The California Budget Project (CBP) has just released a report, “Many California Workers Are Struggling to Find Work,” that squares a bit the disconnect between the official unemployment rate and a more complete assessment of the true level of those who would like to work, but have not been able to find a job. There are some dimensions this figure does not describe that need to be considered.
Last October, California’s official unemployment rate reached a 30 year low at 4.8% and as of November it stands at 4.9%, virtually the same. But this is an artifact of the definition that the Employment Development Department (EDD) uses for “unemployment,” which does not consider those who want to work but have given up their search because they have not been able to find work.
If one factors in the 678,000 Californians who wanted to work in November but had given up their search, and adds that to the 824,000 officially unemployed Californians, the true unemployment rate is 8.1% despite the fact that the economy is in the fifth year of a recovery in this state.
There is another measure, known as the “employment rate,” also known as the employment to population ratio, which CBP suggests is “a more significant measure” because it compares the employed population of those who are 16 and older to the total population. By that measure, 62.2% of Californians were employed compared with 63.9% in 2000.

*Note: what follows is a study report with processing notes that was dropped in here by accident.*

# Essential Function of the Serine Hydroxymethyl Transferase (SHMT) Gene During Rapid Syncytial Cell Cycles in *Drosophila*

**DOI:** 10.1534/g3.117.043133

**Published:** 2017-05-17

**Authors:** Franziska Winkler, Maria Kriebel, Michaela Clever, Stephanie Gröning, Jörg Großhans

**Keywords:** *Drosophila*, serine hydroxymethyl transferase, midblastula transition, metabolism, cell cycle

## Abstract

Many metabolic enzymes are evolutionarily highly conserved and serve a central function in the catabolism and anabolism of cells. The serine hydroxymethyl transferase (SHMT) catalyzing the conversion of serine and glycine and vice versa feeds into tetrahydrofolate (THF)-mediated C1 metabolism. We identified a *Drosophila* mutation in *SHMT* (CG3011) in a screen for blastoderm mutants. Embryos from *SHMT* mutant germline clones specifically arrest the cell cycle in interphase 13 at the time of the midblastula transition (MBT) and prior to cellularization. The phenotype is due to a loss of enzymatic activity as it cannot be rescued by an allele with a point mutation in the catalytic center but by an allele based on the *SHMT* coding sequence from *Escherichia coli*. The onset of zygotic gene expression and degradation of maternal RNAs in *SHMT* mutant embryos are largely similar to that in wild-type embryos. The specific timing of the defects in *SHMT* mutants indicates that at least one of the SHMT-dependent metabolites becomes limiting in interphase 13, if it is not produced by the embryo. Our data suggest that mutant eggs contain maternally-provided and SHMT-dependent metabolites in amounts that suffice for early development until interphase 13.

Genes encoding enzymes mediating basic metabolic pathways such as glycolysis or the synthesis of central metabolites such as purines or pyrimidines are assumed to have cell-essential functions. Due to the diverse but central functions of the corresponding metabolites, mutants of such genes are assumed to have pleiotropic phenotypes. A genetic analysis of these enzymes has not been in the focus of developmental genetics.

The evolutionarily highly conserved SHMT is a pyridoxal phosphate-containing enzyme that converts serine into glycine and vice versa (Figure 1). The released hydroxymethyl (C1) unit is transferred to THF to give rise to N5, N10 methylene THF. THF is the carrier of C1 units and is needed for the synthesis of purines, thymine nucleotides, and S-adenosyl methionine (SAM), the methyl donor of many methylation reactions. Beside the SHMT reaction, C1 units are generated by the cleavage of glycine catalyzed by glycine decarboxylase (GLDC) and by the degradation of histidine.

There are more telling statistics in this report–the length of unemployment and those who have part-time employment but want full time work:
Looking at the data from November, nearly one-fifth of unemployed Californians have been without work for 27 weeks or more. This figure is 19.1%, well above the five-year low of 11.7% in September of 2001. An additional 15.4% of the unemployed had been out of work for 15 to 26 weeks.
In November, 603,000 Californians who wanted full-time work were only employed part-time (defined as working less than 35 hours per week). This amounts to 3.6% of these part-time workers. The primary reasons cited by these workers were that they either could not find full-time work or that their employers could not supply this work because of insufficient demand. Add these to the unemployment rate, and that figure would be even higher.
There’s an old saying that “Figures don’t lie, but liars figure.” This is the best of times and the worst of times in California. Many of us are doing quite well, but I am sure most of us know others who are having a difficult time making ends meet in this expensive state. This includes even those who are working–some of them at more than one job.
Whether that glass if half full or half empty depends on one’s perspective. In the end, we are talking about human beings and families, not statistics. We should never forget that when we go about crafting policies in this state. “Remember the little guy.”